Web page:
New Hampshire: Trump 29, Rubio 15, Christie 11, Kasich 11, Bush 10, Cruz 10
posted at 9:21 pm on January 6, 2016 by Allahpundit
Is this a good poll or a bad one for Marco Rubio? The good news is he’s up four points and remains in second place in the state with a bunch of big endorsements no doubt set to happen later this month. The bad news — terrible news, really — is that the “moderate” lane is more jammed up than ever. Kasich is also up since last month, from eight points to 11. And don’t look now but Jeb Bush has crept back into double digits, tied with Ted Cruz. Between them, Rubio, Christie, Bush, and Kasich combine for 47 percent of the vote, but because each of them is showing signs of promise, none of them has an incentive to scale back or drop out in order to clear the lane for one of the other four.
There’s every reason to believe this RINO logjam will persist right up to election day unless a major endorsement somehow shakes something loose. Without that, it’s difficult to see how Trump loses New Hampshire. He has the highest percentage (68 percent) among top-tier candidates of voters who say they’re firmly committed to voting for him, which stands to reason given that he occupies his own distinct niche vis-a-vis the rest of the field. I think the donor class can tolerate Trump winning NH so long as some establishmentarian like Rubio or Christie finishes a strong second. Increasingly, though, it seems like not even that consolation prize will happen; we might end up with Trump taking 30 percent of the vote next month while Rubio, Christie, and maybe even Bush or Kasich carve out 12-18 percent apiece. That’s the true establishment nightmare scenario, where everyone moves on to South Carolina with Cruz having won Iowa, Trump having won New Hampshire, and the moderate niche still unsettled and divided. I still think Rubio will emerge from that pack, but the longer it takes, the weaker he’ll look and the longer it’ll take him to catch up in delegates.
The establishment split is what’s keeping Trump in such a good position. In a pared down field of the candidates generally viewed as the top 3 in the overall race Trump would lead Rubio by just 2 points, 36/34, with Cruz back at 19%. And Trump trails Rubio 52/40 and Cruz 46/39 in head to head match ups while leading Bush just 46/45. But as long as Rubio and Christie and Kasich and Bush are all in the race they’re splitting the vote enough to let Trump’s passionate base give him a big lead.
The candidates with the biggest gains since our last poll in early December are Bush (up 5 points from 5% to 10%), Rubio (up 4 points from 11% to 15), and Kasich (up 3 points from 8% to 11%). Bush and Kasich have also had notable gains in their favorability ratings. Bush has gone from negative territory last month (38/45) to positive ground (44/42). It may not sound like much but it’s been a long time since we found Bush with an above water favorability anywhere. Kasich’s improved from 38/35 to 46/30.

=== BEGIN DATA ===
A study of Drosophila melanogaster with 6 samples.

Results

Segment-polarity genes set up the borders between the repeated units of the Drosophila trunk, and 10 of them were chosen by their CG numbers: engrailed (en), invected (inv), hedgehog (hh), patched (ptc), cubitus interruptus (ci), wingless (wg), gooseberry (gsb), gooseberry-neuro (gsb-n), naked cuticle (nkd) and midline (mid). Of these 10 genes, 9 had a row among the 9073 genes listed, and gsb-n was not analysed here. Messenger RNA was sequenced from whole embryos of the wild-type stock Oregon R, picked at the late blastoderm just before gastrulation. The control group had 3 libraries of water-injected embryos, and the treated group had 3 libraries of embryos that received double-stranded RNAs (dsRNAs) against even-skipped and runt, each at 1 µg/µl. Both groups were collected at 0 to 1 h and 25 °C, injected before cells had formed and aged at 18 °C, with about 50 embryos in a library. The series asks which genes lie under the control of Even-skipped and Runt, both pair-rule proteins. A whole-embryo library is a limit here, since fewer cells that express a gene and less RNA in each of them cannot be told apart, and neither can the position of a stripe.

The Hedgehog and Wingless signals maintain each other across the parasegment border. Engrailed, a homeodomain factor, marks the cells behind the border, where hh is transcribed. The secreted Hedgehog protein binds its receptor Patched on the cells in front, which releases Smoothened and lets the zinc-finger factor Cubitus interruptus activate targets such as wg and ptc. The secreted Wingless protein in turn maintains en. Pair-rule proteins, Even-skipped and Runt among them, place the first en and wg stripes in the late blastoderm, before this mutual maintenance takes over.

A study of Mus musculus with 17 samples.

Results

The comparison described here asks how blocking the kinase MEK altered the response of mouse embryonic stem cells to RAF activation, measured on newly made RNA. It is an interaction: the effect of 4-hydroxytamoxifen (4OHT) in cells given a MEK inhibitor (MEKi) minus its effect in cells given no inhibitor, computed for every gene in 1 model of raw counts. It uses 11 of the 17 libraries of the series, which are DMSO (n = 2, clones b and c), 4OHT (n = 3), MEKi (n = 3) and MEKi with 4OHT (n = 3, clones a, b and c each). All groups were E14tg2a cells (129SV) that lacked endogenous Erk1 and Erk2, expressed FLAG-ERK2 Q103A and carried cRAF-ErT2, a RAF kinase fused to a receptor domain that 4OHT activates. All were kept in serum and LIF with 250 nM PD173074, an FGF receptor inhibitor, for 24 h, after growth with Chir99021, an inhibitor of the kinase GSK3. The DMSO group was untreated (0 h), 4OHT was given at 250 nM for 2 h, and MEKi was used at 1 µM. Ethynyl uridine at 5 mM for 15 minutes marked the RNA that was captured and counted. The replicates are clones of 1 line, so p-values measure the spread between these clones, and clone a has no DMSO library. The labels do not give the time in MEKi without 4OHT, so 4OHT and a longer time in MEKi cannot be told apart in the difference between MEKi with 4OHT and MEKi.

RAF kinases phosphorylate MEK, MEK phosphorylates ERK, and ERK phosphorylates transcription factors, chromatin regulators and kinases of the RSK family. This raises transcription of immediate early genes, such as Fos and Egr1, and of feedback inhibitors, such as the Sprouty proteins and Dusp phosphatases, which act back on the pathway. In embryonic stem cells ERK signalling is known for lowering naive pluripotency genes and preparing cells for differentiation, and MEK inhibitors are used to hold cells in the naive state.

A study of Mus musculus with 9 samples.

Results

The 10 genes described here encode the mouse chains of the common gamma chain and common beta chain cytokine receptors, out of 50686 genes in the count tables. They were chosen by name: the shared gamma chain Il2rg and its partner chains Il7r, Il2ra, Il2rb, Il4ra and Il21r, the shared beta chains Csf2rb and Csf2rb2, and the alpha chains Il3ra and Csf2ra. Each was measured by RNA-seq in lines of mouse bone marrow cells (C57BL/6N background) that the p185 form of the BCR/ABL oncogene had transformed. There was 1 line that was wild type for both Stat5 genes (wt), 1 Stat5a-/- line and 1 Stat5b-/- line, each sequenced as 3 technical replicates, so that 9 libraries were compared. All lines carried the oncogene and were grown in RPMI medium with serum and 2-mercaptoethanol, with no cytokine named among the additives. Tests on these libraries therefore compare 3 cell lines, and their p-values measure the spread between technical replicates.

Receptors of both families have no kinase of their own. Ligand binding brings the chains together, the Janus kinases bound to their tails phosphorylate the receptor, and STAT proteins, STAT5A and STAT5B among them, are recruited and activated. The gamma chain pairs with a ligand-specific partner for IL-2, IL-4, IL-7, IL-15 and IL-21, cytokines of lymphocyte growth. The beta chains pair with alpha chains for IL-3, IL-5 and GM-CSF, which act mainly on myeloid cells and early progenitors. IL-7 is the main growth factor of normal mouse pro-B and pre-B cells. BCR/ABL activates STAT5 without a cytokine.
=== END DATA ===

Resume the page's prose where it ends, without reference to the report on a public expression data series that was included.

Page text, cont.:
How tough would things be for Trump in New Hampshire if he had to face Rubio — or Cruz — head to head? Pretty tough:
Both Rubio and Cruz win the support of every other candidate’s voters against Trump except for Rubio losing to him among Cruz supporters — but only narrowly, and he still wins overall by double digits. There’s no doubt looking at those numbers that Trump is benefiting tremendously from a divided field in NH. In light of that, I’d be curious to see some head-to-head polls between him and Cruz in blue-state primaries that will be held later this spring. The going theory is that Trump, with his coalition of “radical moderates,” might clean up in more moderate states, but I’m not so sure looking at this. If every other candidate’s supporters prefer Cruz to him, why wouldn’t that also be true in states beyond New Hampshire? And don’t forget, if it does eventually come down to Cruz and Trump, Cruz will benefit as establishmentarians grudgingly come around to backing him as the least bad choice for nominee. That’ll affect some centrists who otherwise might be cool to him. It’s hard to imagine Trump easily defeating Cruz head to head, but I can sort of imagine Cruz easily defeating Trump.
In fact, in lieu of an exit question, have a look at this new NBC/SurveyMonkey national data on who wins the race for second choice among various candidates’ supporters. Among Trump’s fans, it’s Cruz in a landslide over Rubio. Among Rubio’s fans? Cruz by double digits. Among Carson’s supporters? Cruz tied with Trump. Among the combined supporters of Christie, Bush, and Fiorina? Cruz by two over Rubio. He’s very well positioned to build support as other candidates drop out, especially if Trump folds up his tent. In the past I’ve questioned whether Trump fans, who aren’t dogmatic conservatives, will really break for Mr. Tea Party as a second choice, but that’s clearly the case in New Hampshire per PPP’s data. No contest here, with Cruz topping Rubio among Trump fans, 37/10:
The only sure thing about the primary right now, it seems, is that Ted Cruz is going to be in this race for many months to come. I’m not sure that’s true of anyone else in the field, Trump included.